The country’s problems are too numerous to mention and depending on which side of the fence you are on, they range from having no food on the table to negotiating the thorny terrain of the race for the position of running mate in the coming elections.
But one thing that most Malawians will agree on is that this country has problems, what differs is the magnitude and extensity of them.
Certainly, Malawians will agree that among the numerous challenges that they are facing, an electoral reform bill is not one of them. Being November, hunger is biting millions of them hard; the fertiliser subsidy that would help them avoid a similar occurrence next year has become a political tool.
The Democratic Progressive Party (DPP) administration has no intention of ever bringing the electoral reform bill that seeks to change the voting system, for the simple reason that it would work to their disadvantage.
DPP is a party that in any other electoral system should not be in power. The smart ones in the party know there is zero chance the party would match the feat that the late Bingu wa Mutharika achieved in 2009, a 63 percent resounding endorsement that he was the leader they wanted at the time.
Lessons learnt post 2009 are enough to strike fear in the hearts of Malawians, those who suffered at the hands of oppressive laws and the surviving families of 20 people who died on July 20 in 2011. Too much power in the hands of the arrogant and selfish individuals has not been good for this country.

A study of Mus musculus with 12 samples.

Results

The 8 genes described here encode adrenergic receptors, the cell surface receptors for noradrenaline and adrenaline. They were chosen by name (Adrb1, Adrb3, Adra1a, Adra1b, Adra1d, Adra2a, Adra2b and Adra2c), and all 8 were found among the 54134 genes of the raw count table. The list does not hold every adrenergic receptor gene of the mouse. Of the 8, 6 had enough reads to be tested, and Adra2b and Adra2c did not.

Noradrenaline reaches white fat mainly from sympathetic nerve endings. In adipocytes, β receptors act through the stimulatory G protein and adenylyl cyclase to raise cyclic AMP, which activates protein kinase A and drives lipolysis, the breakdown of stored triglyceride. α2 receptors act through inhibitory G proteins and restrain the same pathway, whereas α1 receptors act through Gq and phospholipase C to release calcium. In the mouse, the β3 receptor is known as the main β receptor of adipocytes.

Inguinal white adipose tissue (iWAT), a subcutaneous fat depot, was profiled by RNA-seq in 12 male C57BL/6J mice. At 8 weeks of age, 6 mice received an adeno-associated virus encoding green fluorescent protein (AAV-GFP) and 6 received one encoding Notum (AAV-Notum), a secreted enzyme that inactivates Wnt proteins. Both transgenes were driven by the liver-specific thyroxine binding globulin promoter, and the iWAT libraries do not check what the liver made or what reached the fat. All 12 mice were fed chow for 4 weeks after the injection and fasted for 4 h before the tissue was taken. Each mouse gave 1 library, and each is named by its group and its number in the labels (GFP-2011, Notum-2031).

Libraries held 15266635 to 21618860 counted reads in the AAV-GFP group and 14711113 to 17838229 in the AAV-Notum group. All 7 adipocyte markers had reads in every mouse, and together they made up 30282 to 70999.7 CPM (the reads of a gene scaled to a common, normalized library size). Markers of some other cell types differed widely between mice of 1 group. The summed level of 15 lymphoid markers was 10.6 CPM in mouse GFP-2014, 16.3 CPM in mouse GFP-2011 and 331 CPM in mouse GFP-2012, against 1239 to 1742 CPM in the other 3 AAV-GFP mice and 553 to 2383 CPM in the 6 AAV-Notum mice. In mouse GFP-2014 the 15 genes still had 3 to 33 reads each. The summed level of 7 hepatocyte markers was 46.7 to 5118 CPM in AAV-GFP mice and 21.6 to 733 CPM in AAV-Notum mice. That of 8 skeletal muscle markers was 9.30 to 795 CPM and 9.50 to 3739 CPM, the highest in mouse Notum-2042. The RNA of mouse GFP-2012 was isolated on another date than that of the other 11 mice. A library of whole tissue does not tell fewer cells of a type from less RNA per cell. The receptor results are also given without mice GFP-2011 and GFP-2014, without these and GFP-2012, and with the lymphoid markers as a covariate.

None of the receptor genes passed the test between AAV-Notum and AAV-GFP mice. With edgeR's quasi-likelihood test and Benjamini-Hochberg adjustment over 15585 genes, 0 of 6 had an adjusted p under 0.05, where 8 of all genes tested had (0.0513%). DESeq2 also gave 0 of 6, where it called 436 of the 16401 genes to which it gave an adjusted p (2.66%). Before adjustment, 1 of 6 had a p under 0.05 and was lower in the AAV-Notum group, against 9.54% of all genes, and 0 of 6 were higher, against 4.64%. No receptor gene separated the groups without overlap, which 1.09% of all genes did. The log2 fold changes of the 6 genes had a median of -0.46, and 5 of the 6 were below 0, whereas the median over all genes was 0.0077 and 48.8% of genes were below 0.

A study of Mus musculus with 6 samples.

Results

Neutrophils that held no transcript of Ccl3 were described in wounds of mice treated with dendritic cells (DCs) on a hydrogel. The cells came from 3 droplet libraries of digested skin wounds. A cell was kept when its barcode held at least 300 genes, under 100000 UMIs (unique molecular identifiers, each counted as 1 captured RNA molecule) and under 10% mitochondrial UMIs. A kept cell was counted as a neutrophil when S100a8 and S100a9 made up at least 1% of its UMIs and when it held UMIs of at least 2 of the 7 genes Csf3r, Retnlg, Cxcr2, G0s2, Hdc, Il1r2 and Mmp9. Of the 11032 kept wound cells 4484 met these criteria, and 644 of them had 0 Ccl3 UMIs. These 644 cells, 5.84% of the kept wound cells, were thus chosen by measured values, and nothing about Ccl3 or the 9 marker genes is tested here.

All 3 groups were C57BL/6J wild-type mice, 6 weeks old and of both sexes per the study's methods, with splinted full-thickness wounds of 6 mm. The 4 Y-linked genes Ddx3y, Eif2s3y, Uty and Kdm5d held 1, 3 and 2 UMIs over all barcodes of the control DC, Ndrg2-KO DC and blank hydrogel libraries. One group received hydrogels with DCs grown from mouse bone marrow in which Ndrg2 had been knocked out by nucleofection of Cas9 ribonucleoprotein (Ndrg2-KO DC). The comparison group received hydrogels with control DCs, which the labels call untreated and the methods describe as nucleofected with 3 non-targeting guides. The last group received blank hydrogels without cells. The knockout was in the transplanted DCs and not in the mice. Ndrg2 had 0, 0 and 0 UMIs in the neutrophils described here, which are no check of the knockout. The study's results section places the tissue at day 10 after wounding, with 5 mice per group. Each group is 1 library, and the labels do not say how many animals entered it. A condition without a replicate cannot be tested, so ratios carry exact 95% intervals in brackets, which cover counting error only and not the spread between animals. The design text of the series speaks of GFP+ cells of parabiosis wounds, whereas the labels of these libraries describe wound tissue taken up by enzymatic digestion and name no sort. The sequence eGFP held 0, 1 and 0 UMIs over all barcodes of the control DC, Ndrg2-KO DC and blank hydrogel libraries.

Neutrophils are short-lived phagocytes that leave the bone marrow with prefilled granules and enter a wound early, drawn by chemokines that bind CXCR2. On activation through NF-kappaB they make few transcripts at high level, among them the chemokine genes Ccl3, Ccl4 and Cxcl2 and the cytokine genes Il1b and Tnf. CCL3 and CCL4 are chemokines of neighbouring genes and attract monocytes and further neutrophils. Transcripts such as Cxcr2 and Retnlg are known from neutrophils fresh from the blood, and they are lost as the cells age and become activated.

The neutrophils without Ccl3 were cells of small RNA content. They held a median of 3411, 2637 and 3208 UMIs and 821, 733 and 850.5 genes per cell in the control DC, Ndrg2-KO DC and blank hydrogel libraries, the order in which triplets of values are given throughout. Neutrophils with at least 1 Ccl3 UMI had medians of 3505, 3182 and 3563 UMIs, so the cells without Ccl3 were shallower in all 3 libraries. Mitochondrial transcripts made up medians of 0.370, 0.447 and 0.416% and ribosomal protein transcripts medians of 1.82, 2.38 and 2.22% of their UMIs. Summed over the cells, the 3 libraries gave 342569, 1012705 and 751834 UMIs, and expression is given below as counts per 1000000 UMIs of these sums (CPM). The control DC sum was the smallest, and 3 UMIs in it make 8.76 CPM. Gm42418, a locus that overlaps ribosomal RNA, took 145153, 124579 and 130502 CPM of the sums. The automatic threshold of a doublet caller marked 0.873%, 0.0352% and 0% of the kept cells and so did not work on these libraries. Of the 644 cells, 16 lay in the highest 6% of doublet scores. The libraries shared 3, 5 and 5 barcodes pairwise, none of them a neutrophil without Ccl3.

However, the legitimacy that comes with a majority vote cannot be ignored. It is true what PP vice-president (North) Kamlepo Kalua said this week that a government elected by over 50 percent of the registered voters brings trust in elected leaders.
But this government doesn’t care about being trusted by Malawians. The DPP is not ruffled that people’s perceptions of them is that of a corrupt party that has no clue about how to solve the country’s national problems.
Expecting such an administration to bring back the electoral reform bills that they themselves shot down is expecting too much, even of such a clueless government.
It boggles the mind why PP would prioritise the failed electoral reform bills in this meeting of Parliament. Could it be that the party is going towards its demise, that it cares less for what people think matters when it comes to law making and providing oversight?
But PP should just give up the idea because there is no chance anyway that PP would even be in the running for a rerun if another party were to fail to obtain 50+1 votes in the coming elections.
It is not in their interest and certainly not in the interest of Malawians right now. PP should just let sleeping dogs lie, everyone has moved on.
PP would do well to focus on things that matter, top of the list being staying in Parliament and not becoming another Alliance for Democracy.
In this ongoing Parliament meeting, PP should instead use its dwindling numbers for good. There are several private members motions that need all the support that the opposition can give them. History would remember PP kindly if they were to support worthy causes in Parliament than the pipedream that is 50+1.